I used to joke that The Netherlands only had one cheese: Gouda. Gouda in endless varieties, gouda with endless wardrobe changes. Gouda aged one year. Two years. Four years. Gouda with red wax. Gouda with black wax. To me, Dutch gouda was an enjoyable cheese, but monotonous, dull. It never got me excited. It never had me reaching for more.
Then I met Betty Koster.
Betty and her husband Martin founded the cheese shop Fromagerie L’amuse in Amsterdam in 1989. The name belied its confidence in its home country. This was a shop of fine imported cheeses—many of them French—alongside some good-enough Dutch ones. That soon changed. Betty began traveling across the country, meeting cheesemakers and agers. She took chances on small Dutch cheesemakers. She worked with cheese agers who were willing to experiment with different lengths of aging, different temperatures, different environments.
By the time I met Betty she’d been developing her stable of great Dutch cheeses for almost two decades. She’d become an icon in The Netherlands. She had gone from cold-calling cheesemakers to talk about the cheese she just bought to driving to farmers across the country and seeing them make cheese firsthand. She got to know the person behind the cheese, something no other shop or exporter did at the time. Before that the Dutch farmers and cheesemakers were unknown. They made cheese in anonymity, which, in the food world, is never a recipe for excellence. Any time a food is made without recognition it is usually made for cost savings, for profit—not for flavor.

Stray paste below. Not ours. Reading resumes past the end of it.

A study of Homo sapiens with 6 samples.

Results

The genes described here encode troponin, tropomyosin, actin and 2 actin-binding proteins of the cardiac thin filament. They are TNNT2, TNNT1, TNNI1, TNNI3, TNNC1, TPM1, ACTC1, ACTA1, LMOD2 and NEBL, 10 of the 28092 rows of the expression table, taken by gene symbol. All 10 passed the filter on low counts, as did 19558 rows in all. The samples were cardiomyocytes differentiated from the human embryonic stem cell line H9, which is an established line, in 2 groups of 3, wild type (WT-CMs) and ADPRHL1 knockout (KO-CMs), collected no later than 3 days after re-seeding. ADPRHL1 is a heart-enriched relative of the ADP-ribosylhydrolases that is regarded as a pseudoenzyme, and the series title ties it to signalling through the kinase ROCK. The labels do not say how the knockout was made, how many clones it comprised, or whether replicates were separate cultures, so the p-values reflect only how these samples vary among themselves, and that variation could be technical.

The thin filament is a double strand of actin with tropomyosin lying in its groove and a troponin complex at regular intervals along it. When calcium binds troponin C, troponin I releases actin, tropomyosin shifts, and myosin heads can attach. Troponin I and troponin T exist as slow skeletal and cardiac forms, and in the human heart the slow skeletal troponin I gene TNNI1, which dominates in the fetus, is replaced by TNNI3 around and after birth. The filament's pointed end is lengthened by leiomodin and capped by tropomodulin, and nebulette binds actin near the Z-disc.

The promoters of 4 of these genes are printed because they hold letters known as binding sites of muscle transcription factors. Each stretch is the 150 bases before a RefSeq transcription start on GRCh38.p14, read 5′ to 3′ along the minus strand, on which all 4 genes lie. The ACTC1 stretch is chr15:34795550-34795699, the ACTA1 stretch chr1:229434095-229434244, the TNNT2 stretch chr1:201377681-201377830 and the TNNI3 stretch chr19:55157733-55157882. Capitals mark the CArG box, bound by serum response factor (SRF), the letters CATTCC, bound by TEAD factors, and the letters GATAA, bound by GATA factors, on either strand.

Today, her shop is the most copied, revered, sought-after and examined vessel of Dutch cheese in the country. When you visit you’ll see a glowing wall of waxed wheels of gouda behind the case. It’s still a gouda-centric cheese business. But the diversity in the goudas is shocking. From soft, sweet, young goudas to crystalline, caramelized aged ones. From sheep’s milk goudas from flocks grazed on seaside grass island, to goat’s milk goudas that taste like milkshakes.
Many Americans I know admiringly refer to Betty as the Julia Child of Dutch cheese. She’s larger than life, expressive, immediately approachable, funny, and knows her topic inside and out. The cheeses she brings to America have a big personality, just like her. The cheeses she finds, the way she chooses to age them — they are exciting. They will have you reaching for more.
Three exciting goudas
L’amuse Signature is Betty’s house gouda. She’s put her mark on every stage of it, especially the aging, which is done at higher-than-usual temperatures to give the cheese both crystalline crunch and creaminess. These two coveted cheese features are rarely found together.
Brabander is a goat’s milk gouda that reminds me of a milkshake. It’s so easy to eat it’s absurd.
Wilde Weide is one of the crown jewels of Betty’s Dutch cheese roster. It’s a gouda, true, but calling it just a gouda is like saying a Ferrari is just a car. Made organically on a 300 year old farm, its flavors are floral, bourbon rich, stunning.